Is Augmented Reality the Next Frontier for Mobile Websites and Applications?

Business, News, Pro Dev, Technologies October 27, 2017

Healthcare, higher education, medicine, and travel are all industries beyond the gaming industry that have been dipping their toes into the world of augmented reality (AR). While these industries play around with the possibilities of implementing AR or even virtual reality (VR), the retail industry has dived right in – which for us is a sign of things to come!

Target just announced its new mobile shopping tool, a feature called “See It In Your Space.” The feature allows you to visually see how an item from Target’s Project 62 line would look in your space using your smartphone’s camera. To use the feature, you must be on Target’s mobile website. When you see an item that strikes your fancy, you go to the product’s detail page and click the “See It In Your Space” button. From there, you’re prompted to take a photo of the room. The app gives you a three-dimensional version of the product that can be moved around to see how it would look.

According to Target’s website, “Decisions about style, color and size can paralyze even the most avid Chip and Joanna Gaines follower. What if the piece is too big? Too matchy-matchy with the rest of the room? To help quash these décor dilemmas, Target rolled out a new augmented reality feature on Target.com’s mobile website called See It In Your Space.”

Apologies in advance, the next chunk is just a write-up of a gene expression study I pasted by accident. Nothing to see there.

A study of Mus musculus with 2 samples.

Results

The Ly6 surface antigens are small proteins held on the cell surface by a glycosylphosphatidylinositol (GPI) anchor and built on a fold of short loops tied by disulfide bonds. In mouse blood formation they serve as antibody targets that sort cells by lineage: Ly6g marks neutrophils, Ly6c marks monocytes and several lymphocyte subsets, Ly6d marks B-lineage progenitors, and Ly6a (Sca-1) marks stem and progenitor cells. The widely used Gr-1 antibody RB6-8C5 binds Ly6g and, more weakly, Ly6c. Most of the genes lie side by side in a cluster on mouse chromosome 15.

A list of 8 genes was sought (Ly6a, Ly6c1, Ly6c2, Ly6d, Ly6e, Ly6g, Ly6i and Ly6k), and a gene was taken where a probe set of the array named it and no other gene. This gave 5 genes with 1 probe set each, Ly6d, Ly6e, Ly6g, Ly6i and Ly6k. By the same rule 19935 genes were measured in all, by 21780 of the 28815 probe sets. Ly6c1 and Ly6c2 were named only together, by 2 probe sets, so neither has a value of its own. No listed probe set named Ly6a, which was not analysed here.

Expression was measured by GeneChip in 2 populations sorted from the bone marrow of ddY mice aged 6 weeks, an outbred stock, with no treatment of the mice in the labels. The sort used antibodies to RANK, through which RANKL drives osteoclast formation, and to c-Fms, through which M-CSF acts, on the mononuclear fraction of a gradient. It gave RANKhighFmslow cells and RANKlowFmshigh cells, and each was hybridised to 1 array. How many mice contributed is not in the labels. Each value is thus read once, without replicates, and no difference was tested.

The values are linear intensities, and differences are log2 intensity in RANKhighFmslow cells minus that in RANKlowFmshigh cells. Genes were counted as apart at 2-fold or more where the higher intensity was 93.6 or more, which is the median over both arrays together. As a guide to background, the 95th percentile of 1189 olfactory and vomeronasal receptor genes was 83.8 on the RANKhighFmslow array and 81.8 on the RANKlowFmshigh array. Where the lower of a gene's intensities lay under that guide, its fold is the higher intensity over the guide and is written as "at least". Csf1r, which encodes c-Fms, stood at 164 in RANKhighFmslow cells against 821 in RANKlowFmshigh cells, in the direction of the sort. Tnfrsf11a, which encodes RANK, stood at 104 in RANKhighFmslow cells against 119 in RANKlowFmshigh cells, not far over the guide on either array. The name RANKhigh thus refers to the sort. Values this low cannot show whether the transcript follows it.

AR=Augmented Retail

Target isn’t the first home furnishings retailer to play with augmented reality. The Chairish app has a “View In My Space” feature that launched in March, and Wayfair rolled out an augmented reality app in April. The Wayfair app is limited to ASUS ZenFone AR smartphone and Lenovo Phab 2 Pro smartphone users. In September, IKEA threw its hat into the ring with an app they built using Apple’s ARkit. The app is called IKEA Place. It gives you the option to insert any of the store’s sofas, armchairs, footstools, coffee tables and storage solutions into your space.

When major retailers start incorporating the same technology into their marketing, it’s a major sign of things to come. Beyond these new mobile shopping experiences, there’s a lot of investing and testing happening behind the scenes in various industries. IDC forecasted early this year that spending on augmented and virtual reality will reach $13.9 billion. Facebook has already acquired 11 AR/VR companies. According to the tech and business news site Recode, posts for augmented and virtual reality related jobs on LinkedIn have tripled in the past two years. And those are just the public-facing jobs. There are likely many others that aren’t advertised publicly.

So, what does that mean for the future of mobile experiences? It means that the possibilities are limited only by the will to innovate and the imagination of individuals and businesses. There are so many great business applications for augmented reality that span a wide range of industries. If you decide that AR is something your business could benefit from, ask yourself these five questions before moving forward with mobile app development.

If you feel confident it’s the right move, download our whitepaper below about how to write a strong request for proposal (RFP), which is an essential step in finding and working with the right vendor or agency for your project. Every successful technology project starts with a solid RFP. This whitepaper will get you started on the right foot.

9 Essential Pieces Every Successful RFP for Tech Projects Should Include

What you put into a strong RFP is what you’ll get out of it. Read our 9 must-have elements that will help launch your next technology project.